Q: When did you start fishing?

A: The first fish I ever “caught” was in Glacier National Park, Montana, when I was two or three years old. My brother and I were fishing with a piece of string tied to a stick—that’s it. Well, whaddya know, we each caught a rainbow trout—and they were already cleaned, too! Some nice man had swum underwater and tied them to our strings.

Growing up in Spokane, Washington, you sort of naturally start fishing in the nearby lakes at around six or seven years old. Then my dad and I took up fly fishing when I was maybe eleven. Back then I tied my own flies, too. I took a course from this old guy who looked like a factory when he smoked his pipe.

Q: Do you have a favorite fishing memory?

A: I have so many! One of my favorites is the first time my daughter and I went fishing on the lake where I have a cabin. She was about five years old and she caught what we’ve always referred to as “The Whopper”—a great big cutthroat trout. The local newspaper put her name in the next edition. She was totally thrilled. She almost always outfishes everybody else in our group.

Q: Why do you think fishing creates such a bond between parents and children?

A: I think it’s because you’re sharing an adventure. You’re out in nature where there’s a lot of mystery, beauty, and excitement. Fishing memories are so vivid and unique. Plus, fishing has hardly changed at all over the years.

Q: What inspired the story of Jangles?

A: I’d been wanting to write a fishing story for a long time, and it finally came together when I took a whole bunch of little stories I’d either heard or actually experienced and rolled them all into one “BIG Fish Story.” One part is from a story my friend’s grandfather told us in Montana; a couple other bits are from tales I heard from guides; some of it is based on Native American mythology; a bunch of it is stuff that really happened to me; and then the rest I just made up!

Q: The art style in Jangles is very different from your other books. Can you talk a little about that?

A: It’s the first time I’ve painted in oils since I went to art school. I’d always used acrylics because they dry fast and they’re not so toxic and smelly (my studio was always in my house or apartment). Anyway, I’d begun to get really tired of painting a couple years ago so I started thinking about shaking things up a little. My studio is now separate from the house, and when Jangles came along it seemed like a good vehicle for some oil paintings. I tried not to think of anything but the painting—no deadlines, no expectations from others, no worries about ruining the piece and starting over—so I was free to try new things and experiment. It was a blast! (Once I got the ventilation worked out, that is.) I love the look and feel of oil paints—they’re so rich and fun to squish around in—I don’t know if I’ll ever use acrylics again.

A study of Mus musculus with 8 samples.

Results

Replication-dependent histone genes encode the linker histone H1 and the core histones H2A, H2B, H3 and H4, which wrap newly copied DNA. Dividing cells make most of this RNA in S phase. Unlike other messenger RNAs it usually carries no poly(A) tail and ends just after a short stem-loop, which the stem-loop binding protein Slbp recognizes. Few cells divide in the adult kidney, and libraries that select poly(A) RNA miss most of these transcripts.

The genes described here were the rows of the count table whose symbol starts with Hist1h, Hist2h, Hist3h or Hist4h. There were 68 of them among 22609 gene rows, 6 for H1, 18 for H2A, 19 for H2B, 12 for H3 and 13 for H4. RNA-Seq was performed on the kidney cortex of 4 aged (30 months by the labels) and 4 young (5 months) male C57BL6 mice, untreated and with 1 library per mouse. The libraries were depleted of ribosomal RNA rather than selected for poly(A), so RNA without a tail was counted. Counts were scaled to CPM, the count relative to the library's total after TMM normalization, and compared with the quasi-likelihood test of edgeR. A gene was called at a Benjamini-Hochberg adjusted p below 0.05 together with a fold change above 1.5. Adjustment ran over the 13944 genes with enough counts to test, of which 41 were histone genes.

Q: Jangles, with his scars and hooks, seems so real. How does the art contribute to the sense of fishing that the story tells?

A: I wanted the art to make the story more believable. I was hoping the reader would experience what the kid in the story is feeling—the sense of wonder, the humor, even a little fear.

Q: Do you have a story of one that got away? And, is there one fish you've never caught that tops your “to do” list?

A: Well, there was this red head in eighth grade. . . .Actually, the part in Jangles where the kid drifts out into the deep area of the lake is based on something that happened to me. It was really getting dark and I hooked into something REALLY BIG! At first I thought I’d snagged bottom, but my line was going out a lot faster than I was drifting. Whatever it was just kept going until all my line was gone. I grabbed the last couple feet and held on, but it snapped right off. Then everything was quiet and I just sat there for a long time.

As far as the “to do” list, I finally caught my first golden trout last summer. That’s one I’ve always wanted to catch. They’re unbelievably beautiful and are native only to a few high-altitude streams in the Sierra Nevada mountains.

Q: What is your favorite place to fish?

A: I have a little cabin in the Sierras that’s surrounded by tons of rivers, lakes, and streams. It’s not just my favorite place to fish; it’s my favorite place, period!